Investment Banking in Sydney
When it comes to careers in finance, Sydney usually is not the first place that would pop into your head; a lot of investment bankers tend to overlook not just the city but the country as a whole in favor of either the classic New York or London, or more exotic locations such as Hong Kong and Singapore. And yet, while not the most traditional destination, Down Under has quite a lot to offer to investment bankers – both aspiring and incumbent – on account of its stable economy and close ties with the booming Asian markets.
Why Sydney for Finance Careers?
Australia in general is of the most stable political and regulatory environments in the world which provides an excellent setting for doing business. While not completely immune to international financial woes the nation’s economy has proven to be quite resilient, boosted by the continent’s abundant natural resources. The close proximity to Asia and the economic ties with China, Australia’s most important trading partner, have also made the country an attractive destination for multinational companies. Are you ready for investment banking in Sydney?
Sydney on the other hand is the nation’s major financial centre, with the Reserve Bank of Australia having its headquarters in the city. Sydney is also the home to the Australian Securities Exchange, created in 2006 through the merger of the Australian Stock Exchange and the Sydney Futures Exchange. So, it is no wonder that a number of international financial institutions have chosen the city as their regional headquarters.
The Finance Industry in Australia
With Sydney being Australia’s primary financial centre, it is only natural that it is also the nation’s investment banking hotspot. It is the home of local heavyweight Macquarie Group which provides banking, financial, advisory, investment and funds management services. Westpac and Commonwealth Bank of Australia are some of the other major Aussie banks headquartered in Sydney.
Moving on to international banking giants, Deutsche Bank has been operating in Australia since 1974 and now has around 1,000 employees in its offices in Sydney as well as Melbourne.
J.P. Morgan is another major international institution with deep client relationships and broad product capabilities in Australia where it also provides commercial banking, asset management, treasury services and investor services, as noted on the bank’s website.
Credit Suisse, which opened an office in Sydney in 1982, forecasts that the region will continue to be an important financial engine due to its vibrant financial services sector, large pool of superannuation funds and history of innovation.
Other international banking giants with offices in Sydney include Goldman Sachs, Citigroup, HSBC and UBS.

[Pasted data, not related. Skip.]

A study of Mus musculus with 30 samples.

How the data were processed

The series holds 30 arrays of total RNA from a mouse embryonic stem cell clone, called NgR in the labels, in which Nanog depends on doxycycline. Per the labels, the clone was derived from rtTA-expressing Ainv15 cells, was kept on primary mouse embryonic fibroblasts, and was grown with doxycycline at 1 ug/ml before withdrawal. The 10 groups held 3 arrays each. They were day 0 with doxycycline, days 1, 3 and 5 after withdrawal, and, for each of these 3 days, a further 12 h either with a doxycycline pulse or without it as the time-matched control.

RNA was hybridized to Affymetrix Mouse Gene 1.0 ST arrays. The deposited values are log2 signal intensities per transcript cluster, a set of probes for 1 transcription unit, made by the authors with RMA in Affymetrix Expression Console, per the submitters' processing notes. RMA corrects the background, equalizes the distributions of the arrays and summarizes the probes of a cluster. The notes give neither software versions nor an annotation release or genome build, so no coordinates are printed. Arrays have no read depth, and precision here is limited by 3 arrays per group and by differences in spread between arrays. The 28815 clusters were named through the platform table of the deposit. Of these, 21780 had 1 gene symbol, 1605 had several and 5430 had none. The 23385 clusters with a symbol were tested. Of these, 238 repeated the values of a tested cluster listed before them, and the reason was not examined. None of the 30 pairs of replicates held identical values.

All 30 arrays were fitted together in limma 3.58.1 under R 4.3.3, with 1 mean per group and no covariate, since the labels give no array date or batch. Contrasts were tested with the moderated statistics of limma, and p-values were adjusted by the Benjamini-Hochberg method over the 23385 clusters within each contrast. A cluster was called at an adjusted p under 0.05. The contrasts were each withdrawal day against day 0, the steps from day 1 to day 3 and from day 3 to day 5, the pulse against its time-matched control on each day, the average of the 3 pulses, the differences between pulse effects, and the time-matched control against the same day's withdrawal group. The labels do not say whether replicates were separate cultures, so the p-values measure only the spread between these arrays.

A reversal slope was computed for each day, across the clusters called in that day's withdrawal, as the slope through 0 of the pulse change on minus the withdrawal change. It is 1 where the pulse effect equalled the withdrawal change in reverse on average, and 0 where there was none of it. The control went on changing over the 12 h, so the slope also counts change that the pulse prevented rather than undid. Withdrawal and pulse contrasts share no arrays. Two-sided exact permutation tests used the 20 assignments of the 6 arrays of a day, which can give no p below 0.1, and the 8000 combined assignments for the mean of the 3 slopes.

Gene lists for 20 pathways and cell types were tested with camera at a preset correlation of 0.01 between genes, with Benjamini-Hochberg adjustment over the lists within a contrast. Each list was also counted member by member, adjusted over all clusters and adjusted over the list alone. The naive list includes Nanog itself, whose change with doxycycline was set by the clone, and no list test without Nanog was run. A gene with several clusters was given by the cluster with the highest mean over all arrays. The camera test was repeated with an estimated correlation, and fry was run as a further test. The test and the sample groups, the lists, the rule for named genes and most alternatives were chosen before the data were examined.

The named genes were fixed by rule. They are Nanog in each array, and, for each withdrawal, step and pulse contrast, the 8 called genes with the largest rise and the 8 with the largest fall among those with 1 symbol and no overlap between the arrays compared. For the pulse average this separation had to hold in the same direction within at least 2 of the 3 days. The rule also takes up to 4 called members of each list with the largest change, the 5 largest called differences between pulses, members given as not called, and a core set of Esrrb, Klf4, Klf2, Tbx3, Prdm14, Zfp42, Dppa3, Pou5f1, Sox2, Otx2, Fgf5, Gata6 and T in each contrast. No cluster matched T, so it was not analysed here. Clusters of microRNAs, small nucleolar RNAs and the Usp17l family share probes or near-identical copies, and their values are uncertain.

Being Australia’s most important financial centre, Sydney has also turned into an attractive location for private equity and mostly, venture capital. According to an October 2014 article in The Sydney Morning Herald, the city’s financial services and new technologies – or fintech – sector is experiencing strong global growth; in 2013, financing activity in the industry was estimated to be $3 billion, with the number forecast to rise to between $6 billion and $8 billion.
The Aussie Lifestyle
Looking beyond the job opportunities in investment banking, as well as in the broader financial sector, Sydney has also established itself as a favored destination for investment bankers on account of its much more relaxed lifestyle in comparison to Wall Street or the London City.
Warm temperatures, palm trees, spectacular beaches with beautiful white sand as well as the abundance of waves suitable for surfing make for a much less stressful lifestyle. As suggested in a Wall Street Journal article, it is not uncommon for investment bankers in Sydney to kick off their day surfing the waves.
In addition to brushing up on financial modeling skills, bankers considering relocation to Australia will have to get used to the change of seasons which comes with passing over the equator. Still, the cultural adjustment is likely to cause much less stress in comparison to Hong Kong or Singapore for instance.
At the End of the Day
While there are certain downsides to working Down Under, such as the lengthy trips and the high cost of living on account of the strong Aussie dollar, Australia and its top financial spot do have a lot to offer in terms of both job opportunities and lifestyle to those who have chosen a career in investment banking. Or to put it in other words, there are a lot of things in Sydney well worth the trip other than the famous Opera House.